Why do we watch reality shows?

Why do we watch reality shows?

In an attempt to dig to the bottom of this multi-dimensional mystery, I will rely on the foremost authority himself, Prof. Irwin Corey, who once was faced with a similar philosophical quandary when asked "Why do you wear sneakers?" on "The Dean Martin Show."

Adapting Prof. Corey's response to my needs here, wherein we discuss the seemingly endless variety of "reality" beaming through our TV sets, we can get to the root of the problem immediately.

"You pose a diffficult question," Prof. Corey responded to the inquisition of his footwear. "So, to make it easier I'll divide it into two parts.

"First: Why? Why is a question of incredible depth and subtlety, one that has engaged and frustrated the great philosophers from Socrates up through the modern age. To even attempt to answer would be to insult this great and brilliant tradition by suggesting that someone like myself deserves to be among their august company even for the briefest moment.

"Now, as for the second part of your question ... Do I wear sneakers?

"Yes."

And so it is with reality shows. We watch them because we do. We might differentiate between the types of reality shows we watch — for instance, I will not watch any show about proper parenting or mate-swapping or perfect nannies of families with eleventybillion children (I have two cats that won't listen to me, so the thought of eight kids and a pair of childlike parents seems like torture) — but, in the end, we like to see things happen to other people.

People who have chosen to display their singing, cooking, fashion design, modeling, dancing, or dating skills ... or the lack thereof.

So it is this week that a two men with Southern Oregon roots join the ranks of Ryan Sheaffer ("The Bachelorette"), Lisa Rinna ("Dancing With The Stars"), Kristy Lee Cook ("American Idol") and "Make Me A Supermodel" winner Branden Rickman as locals putting their talents before on-set judges and the American public.

On Sunday night (9 p.m., ABC), Phoenix High School graduate Paul Watts tests the treacherous waters of "Shark Tank."

Watts runs Grafitti Removal Services in Sacramento, and he'll bring his business plan before the panel of business "sharks" to see whether it measures up to their standards for investment.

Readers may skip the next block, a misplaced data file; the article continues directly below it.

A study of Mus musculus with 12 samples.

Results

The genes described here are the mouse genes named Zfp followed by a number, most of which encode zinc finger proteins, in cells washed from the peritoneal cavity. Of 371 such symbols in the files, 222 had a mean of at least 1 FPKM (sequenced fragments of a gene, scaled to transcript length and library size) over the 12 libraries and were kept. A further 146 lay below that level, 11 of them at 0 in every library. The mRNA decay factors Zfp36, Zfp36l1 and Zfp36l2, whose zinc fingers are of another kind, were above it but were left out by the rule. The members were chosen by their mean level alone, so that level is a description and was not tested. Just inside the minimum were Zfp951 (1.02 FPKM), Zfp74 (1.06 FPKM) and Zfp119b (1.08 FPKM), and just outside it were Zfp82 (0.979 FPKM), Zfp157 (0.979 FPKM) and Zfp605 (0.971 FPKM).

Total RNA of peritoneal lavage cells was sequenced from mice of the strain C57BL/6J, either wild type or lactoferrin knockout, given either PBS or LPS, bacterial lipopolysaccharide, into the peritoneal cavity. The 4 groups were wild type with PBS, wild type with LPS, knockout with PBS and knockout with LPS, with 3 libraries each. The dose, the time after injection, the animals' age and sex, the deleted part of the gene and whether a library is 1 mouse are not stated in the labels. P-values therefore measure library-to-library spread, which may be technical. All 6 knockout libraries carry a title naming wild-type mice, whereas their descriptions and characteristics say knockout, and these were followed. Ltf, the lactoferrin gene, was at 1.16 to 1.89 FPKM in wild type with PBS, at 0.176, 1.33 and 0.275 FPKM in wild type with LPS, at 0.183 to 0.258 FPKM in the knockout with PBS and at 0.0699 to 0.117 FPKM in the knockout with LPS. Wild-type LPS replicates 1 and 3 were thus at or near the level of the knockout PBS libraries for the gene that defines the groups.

Watts can't comment on what happens ahead of time, but his brother and business partner Brian hints that the sharks show their teeth.

"He fights the sharks, going head-to-head in their tank for what he knows is best for him and his company," Brian Watts said in a press release that was oddly missing exclamation points.

Presumably, Watts will have better success against the sharks than did Medford-raised actor Justin Baldoni in the 2005 CBS movie-for-television "Spring Break Shark Attack" ... which, by sheer coincidence, can be seen at 11 p.m. Saturday on the SyFy Channel.

In the thriller, Baldoni plays J.T., a good chum of the protagonists — although given the creatures on the loose, it's probably best not to be a chum.

Meanwhile, Grants Pass contortionist dancer Hairo Torres is one of 20 semifinalists on NBC's "America's Got Talent." The two-night semis begin at 9 p.m. Tuesday, but it's unclear whether Torres will face off with the Hoff (if you don't know, count yourself luck) on the first night or on Wednesday.

Having seen video of Hairo's performance this week, it's clear that he's obviously a fan favorite.

But you have to wonder how often the man can do a complete split to the floor without viewers voting him off just so he hurt himself ... or future Hairos.

Mail Tribune news editor Robert Galvin writes about television each week in Tempo. Have a question, comment or "Guilty Pleasure" show? Send it along to rgalvin@mailtribune.com and put "The Little White Dot" in the subject field.